Next Saturday morning in Glenorchy, we nine riders in Team Ākina will line up for the start of the 2021 Tour of New Zealand cycle event. Over seven days with some 160 other Tour riders we will race 530km up the South Island to raise money for six selected charities, of which Bikes in Schools is one.
Then for our eighth and final day, we’ll travel to Wellington to race in front of Parliament. Afterwards, thanks to Speaker Trevor Mallard being a very keen cyclist, we’ll hold our prize-giving ceremony in the Grand Hall of Parliament.
This is the 6th Tour of New Zealand. We on Team Ākina believe we’re the only team to have ridden in all of them…always raising money for Bikes in Schools, a fabulous charity promoting a well-established proposition: kids are healthier, happier and better students, teachers say, when their schools promote cycling.
Bikes in Schools has documented these findings among the 50,000 children in the 150 schools it has helped since Paul McArdle founded the charity in 2010. I vividly remember, for example, how excited the children were at Freeman’s Bay primary school when their track was opened in 2015. Many of them lived in apartment buildings in Auckland’s CBD with no places to play. So the school grounds and its cycling track quickly became a place for them and their families to socialise and play after school and at weekends.
The idea for the programme came to Paul after he and his family returned home to New Zealand from Amsterdam. There cycling was a way-of-life, even for the youngest children.
But here, his sons found very few of their friends rode to their Hawke’s Bay School. A lack of ways to learn riding skills was one factor, which only compounded parental fears about traffic.
Bikes in Schools helps schools design and build bike tracks in their schools grounds, buy bikes and helmets stored at school, and train up school staff to teach cycling skills and supervise riders. Once the kids become competent cyclists, many more of them want to ride to school…and their parents are more willing to let them.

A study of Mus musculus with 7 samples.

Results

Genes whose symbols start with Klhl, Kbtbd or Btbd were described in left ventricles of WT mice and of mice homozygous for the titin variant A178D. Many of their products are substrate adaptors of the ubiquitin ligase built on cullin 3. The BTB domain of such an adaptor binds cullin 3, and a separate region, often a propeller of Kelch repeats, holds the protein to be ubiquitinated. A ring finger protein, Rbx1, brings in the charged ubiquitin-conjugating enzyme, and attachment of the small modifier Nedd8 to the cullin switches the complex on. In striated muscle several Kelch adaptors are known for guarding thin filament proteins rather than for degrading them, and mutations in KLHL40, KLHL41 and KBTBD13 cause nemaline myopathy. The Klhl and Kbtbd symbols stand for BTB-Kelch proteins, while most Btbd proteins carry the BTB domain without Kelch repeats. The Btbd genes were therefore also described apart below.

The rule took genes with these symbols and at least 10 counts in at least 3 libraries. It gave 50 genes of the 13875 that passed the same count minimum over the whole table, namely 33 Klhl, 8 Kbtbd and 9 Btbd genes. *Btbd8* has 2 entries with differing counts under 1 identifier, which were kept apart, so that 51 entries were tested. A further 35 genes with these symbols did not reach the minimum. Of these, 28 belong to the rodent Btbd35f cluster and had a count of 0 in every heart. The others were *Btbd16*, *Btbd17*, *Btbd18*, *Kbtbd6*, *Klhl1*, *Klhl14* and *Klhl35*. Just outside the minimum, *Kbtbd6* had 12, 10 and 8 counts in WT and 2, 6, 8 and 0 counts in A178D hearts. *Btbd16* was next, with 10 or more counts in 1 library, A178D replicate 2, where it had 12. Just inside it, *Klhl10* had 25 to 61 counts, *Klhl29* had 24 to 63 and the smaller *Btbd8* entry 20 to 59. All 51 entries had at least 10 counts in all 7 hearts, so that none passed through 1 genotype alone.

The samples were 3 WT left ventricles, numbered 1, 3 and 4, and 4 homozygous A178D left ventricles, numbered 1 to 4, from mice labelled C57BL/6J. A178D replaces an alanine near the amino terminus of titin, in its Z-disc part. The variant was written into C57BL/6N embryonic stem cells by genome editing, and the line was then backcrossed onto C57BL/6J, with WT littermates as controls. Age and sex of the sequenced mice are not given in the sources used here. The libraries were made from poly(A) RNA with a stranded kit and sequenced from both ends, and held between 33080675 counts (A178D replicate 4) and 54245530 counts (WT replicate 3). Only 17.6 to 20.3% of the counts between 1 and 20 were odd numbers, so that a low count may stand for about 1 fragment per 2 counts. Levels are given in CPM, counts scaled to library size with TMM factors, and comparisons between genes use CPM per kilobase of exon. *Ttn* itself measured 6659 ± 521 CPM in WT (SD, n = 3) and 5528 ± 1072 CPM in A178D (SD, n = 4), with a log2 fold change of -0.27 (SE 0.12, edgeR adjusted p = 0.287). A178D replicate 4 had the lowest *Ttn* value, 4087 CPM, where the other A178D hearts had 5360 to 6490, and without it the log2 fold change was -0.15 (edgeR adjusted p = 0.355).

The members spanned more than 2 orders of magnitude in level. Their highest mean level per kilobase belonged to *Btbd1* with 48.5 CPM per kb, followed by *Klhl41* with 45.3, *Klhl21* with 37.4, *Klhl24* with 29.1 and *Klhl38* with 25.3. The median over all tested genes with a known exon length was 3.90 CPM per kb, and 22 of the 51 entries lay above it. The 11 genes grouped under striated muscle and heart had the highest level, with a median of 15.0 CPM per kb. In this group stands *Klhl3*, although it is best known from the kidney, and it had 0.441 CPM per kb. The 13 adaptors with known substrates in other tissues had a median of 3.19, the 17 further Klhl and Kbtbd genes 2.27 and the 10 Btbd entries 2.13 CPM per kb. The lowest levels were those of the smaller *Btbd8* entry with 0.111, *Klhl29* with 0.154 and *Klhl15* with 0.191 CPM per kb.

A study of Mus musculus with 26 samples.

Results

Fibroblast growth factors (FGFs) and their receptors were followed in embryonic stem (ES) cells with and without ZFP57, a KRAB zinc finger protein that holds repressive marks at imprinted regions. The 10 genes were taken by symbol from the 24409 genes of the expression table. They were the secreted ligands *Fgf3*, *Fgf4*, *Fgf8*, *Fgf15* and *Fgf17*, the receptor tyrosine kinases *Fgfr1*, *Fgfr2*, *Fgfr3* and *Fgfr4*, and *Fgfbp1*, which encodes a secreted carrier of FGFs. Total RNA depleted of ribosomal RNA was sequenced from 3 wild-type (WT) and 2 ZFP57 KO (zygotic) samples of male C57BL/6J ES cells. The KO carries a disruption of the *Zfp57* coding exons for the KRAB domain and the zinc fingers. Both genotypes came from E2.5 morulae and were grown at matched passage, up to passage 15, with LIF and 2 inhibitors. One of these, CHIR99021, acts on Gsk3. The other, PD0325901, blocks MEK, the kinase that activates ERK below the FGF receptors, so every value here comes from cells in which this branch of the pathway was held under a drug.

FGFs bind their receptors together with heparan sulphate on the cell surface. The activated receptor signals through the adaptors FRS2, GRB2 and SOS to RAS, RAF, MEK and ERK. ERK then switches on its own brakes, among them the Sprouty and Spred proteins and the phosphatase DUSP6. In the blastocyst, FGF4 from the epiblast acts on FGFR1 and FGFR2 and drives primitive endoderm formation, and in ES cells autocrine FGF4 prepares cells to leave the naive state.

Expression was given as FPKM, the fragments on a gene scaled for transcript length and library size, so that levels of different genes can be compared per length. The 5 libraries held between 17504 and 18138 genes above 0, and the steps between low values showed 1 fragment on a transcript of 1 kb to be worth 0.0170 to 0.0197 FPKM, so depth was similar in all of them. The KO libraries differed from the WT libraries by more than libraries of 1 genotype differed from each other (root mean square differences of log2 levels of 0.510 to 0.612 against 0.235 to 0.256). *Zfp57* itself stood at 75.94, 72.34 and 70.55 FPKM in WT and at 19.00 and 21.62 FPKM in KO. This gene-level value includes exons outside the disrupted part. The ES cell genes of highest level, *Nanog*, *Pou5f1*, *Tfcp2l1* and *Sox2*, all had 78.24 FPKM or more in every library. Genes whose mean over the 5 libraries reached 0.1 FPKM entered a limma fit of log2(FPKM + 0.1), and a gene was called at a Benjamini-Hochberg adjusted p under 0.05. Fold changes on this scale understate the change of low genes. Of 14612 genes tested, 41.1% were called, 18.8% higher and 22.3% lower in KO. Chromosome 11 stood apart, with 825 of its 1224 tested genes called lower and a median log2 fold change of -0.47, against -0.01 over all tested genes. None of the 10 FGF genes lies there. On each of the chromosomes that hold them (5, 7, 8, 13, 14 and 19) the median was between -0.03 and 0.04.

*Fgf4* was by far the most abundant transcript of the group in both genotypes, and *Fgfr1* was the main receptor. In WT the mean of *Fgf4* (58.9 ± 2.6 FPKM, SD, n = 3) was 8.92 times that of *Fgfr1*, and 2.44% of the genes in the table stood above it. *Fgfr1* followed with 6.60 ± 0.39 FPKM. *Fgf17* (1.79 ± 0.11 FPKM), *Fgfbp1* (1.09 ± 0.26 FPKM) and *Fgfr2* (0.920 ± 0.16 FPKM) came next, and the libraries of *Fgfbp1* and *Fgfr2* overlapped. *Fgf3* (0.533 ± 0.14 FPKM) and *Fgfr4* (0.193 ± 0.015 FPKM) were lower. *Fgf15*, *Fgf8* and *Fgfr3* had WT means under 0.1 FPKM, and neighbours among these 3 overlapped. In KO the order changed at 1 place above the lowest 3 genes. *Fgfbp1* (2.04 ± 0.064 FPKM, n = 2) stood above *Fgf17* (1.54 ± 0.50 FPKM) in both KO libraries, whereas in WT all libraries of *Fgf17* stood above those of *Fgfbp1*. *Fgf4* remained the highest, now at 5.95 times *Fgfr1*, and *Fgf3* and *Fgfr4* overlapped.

We riders call ourselves Team Ākina because Paul was one of the first social entrepreneurs the Ākina Foundation helped in its early days. Back then (when we were called Hikurangi Foundation, founded by Stephen Tindall and John Todd) I was one of the first trustees. And these days, I stay in close touch with Ākina and many of the social entrepreneurs it has helped.
At the same time we were helping Paul, we were assisting Pete Yarrell develop his wonderful idea of a Tour of New Zealand. A life-long cyclist and resident of the South Island, he was very keen to create a fund raising event for charities that took cyclists to very beautiful parts of the country.
The first Tour was 2012, with the North Island race starting at Cape Reinga and the South Island one simultaneously at Bluff. Riders pedalled some 750km over the week to converge for a grand finale in front of Parliament on the eighth day.
The first four Tours had similar formats; the fifth was one race but traversing both islands thanks to a chartered Air NZ plane to lift us from Christchurch to Rotorua; and this year’s is just in the South Island, including a trans-Alpine train ride, but still with the Wellington finish.
We’ve had around 180 riders in each Tour, mostly from here and some from abroad, raising funds for selected charities — Heart Foundation, Tearfund, Child Cancer, Unicorn, NZ Spinal Trust and Bikes in Schools.
Over the Tours we’ve ridden on days short and long, in weather glorious and awful, over roads easy and hard, to places spectacular and modest in their beauty. Some things, though, are constant, notably our fun, friendships and adventures along the way, and the encouragement of families and friends. But above all is the feeling of accomplishment, personal and on behalf of our charities.
Here are the Hikurangi / Akina teams in the first five Tours – 2012, 2013, 2015, 2017 and 2019. And this Saturday, we’ll eagerly post a photo of this year’s team of nine at Glenorchy. We are a motley crew including farmers, teachers, a chef and a journalist….and we greatly look forward to bringing you stories and photos daily from our Tour travels.